Tuesday, October 20, 2009

The Role of Government and Nonprofits in Culture

People who work for nonprofits in the United States often operate from a frame of scarce resources. The starting point is “There isn’t enough money to go around.” Now to be sure, this frame is not created from nothing—this is the lived experience for a lot of nonprofits. But the problem is when you start with “not enough” then you immediately have to go to arguing why one kind of nonprofit is more important than another. The questions become absurd very quickly: are hungry children more important than the symphony? Are homeless adults more important than homeless cats? Are homeless children more important than hungry adults? Recently a right wing organization in California, arguing that water ought not to be regulated, declared that California’s legislators cared more about “a fish that is smaller than the palm of your hand” than the well being of farmers. But in fact, the well being of this fish is an indicator of the health of the water and polluted water will not grow good crops.

But what happens in a country where that type of juxtaposition is not in play? According to the Christian Science Monitor, (Sept. 27, 2009), German doctors are experimenting with a new kind of preventive medicine: prescribing culture for children. (Of course, Germany has universal health care.) For example, in North Rhine-Westphalia, every child ages 7-15 who goes in for a check-up comes out with two free tickets to the theater. The program is called “Culture Shot” and encourages pediatricians “to support children’s 'physical, emotional, and intellectual health,'" says Hermann-Josef Kahl, who is spearheading the program. The program rests on a simple, (but not terribly American) insight: Culture fosters better health habits. Exposure to culture helps people want to be better educated and better educated people generally have a healthier life. (Germany has universal education also.)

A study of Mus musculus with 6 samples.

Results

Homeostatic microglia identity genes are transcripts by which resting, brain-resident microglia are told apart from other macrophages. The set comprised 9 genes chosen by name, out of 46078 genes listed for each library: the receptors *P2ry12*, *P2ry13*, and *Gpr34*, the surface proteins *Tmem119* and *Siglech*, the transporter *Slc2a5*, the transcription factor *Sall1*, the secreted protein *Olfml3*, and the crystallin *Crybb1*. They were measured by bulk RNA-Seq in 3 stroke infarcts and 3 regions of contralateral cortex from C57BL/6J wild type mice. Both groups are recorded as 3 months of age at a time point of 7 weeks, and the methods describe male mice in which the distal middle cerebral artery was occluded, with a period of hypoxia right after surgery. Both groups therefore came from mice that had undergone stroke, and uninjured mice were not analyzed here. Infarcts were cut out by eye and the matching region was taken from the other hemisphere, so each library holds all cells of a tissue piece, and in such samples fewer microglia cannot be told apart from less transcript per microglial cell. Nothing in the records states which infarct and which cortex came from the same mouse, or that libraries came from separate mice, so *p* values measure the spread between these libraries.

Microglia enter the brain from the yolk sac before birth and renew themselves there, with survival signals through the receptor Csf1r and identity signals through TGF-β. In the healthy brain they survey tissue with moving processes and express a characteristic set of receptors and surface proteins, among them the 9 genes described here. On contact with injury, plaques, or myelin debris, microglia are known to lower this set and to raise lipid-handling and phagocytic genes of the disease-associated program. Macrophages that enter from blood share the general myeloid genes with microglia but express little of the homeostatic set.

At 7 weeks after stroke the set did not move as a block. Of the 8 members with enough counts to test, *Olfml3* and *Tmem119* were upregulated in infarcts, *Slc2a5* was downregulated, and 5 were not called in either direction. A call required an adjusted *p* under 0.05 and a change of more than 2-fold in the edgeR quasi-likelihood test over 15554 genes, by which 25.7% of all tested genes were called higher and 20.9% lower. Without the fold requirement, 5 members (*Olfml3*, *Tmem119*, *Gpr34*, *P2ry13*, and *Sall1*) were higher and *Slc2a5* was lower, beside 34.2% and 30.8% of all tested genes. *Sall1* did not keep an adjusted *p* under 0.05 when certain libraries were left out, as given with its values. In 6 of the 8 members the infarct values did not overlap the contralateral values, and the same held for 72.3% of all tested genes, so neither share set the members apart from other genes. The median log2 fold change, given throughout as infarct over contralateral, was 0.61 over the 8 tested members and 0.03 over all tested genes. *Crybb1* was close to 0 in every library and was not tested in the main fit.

So far this program is being paid for privately by the Association of Pediatricians. There are 180 Children and Youth Theaters in Germany, so there are plenty of shows for kids to go to. (Germany has a lot of government support for the arts). Stefan Fischer, head of the Dusseldorf Children and Youth Theater, calls the concept “revolutionary.” He says, “The project makes clear that culture is a basic nutrient and not a luxury.”

Instead of scarce resources, imagine nonprofits having a common belief that everyone should experience theater regardless of family or social background. And imagine a nonprofit sector that insisted that government do its job to make health care, education and culture were universally available. This imagining exercise is not just to pass the time: remember that Einstein said, “Imagination is more important than knowledge.”

2 comments:

Rona Fernandez said...

Great post Kim. Haven't had a chance to read your blog in a while. Am going to share this on Facebook. You should link your commons blog to your Facebook account--your blog post will automatically show up as 'notes' on your FB page and you'll get more comments from friends.

Jeremy Adam Smith said...

Kim, would you be willing to expand this piece by about 200-300 words and allow me to publish it on the new site I edit, http://shareable.net/ ?

Shoot me an email at jeremy (at) shareable.net and let me know.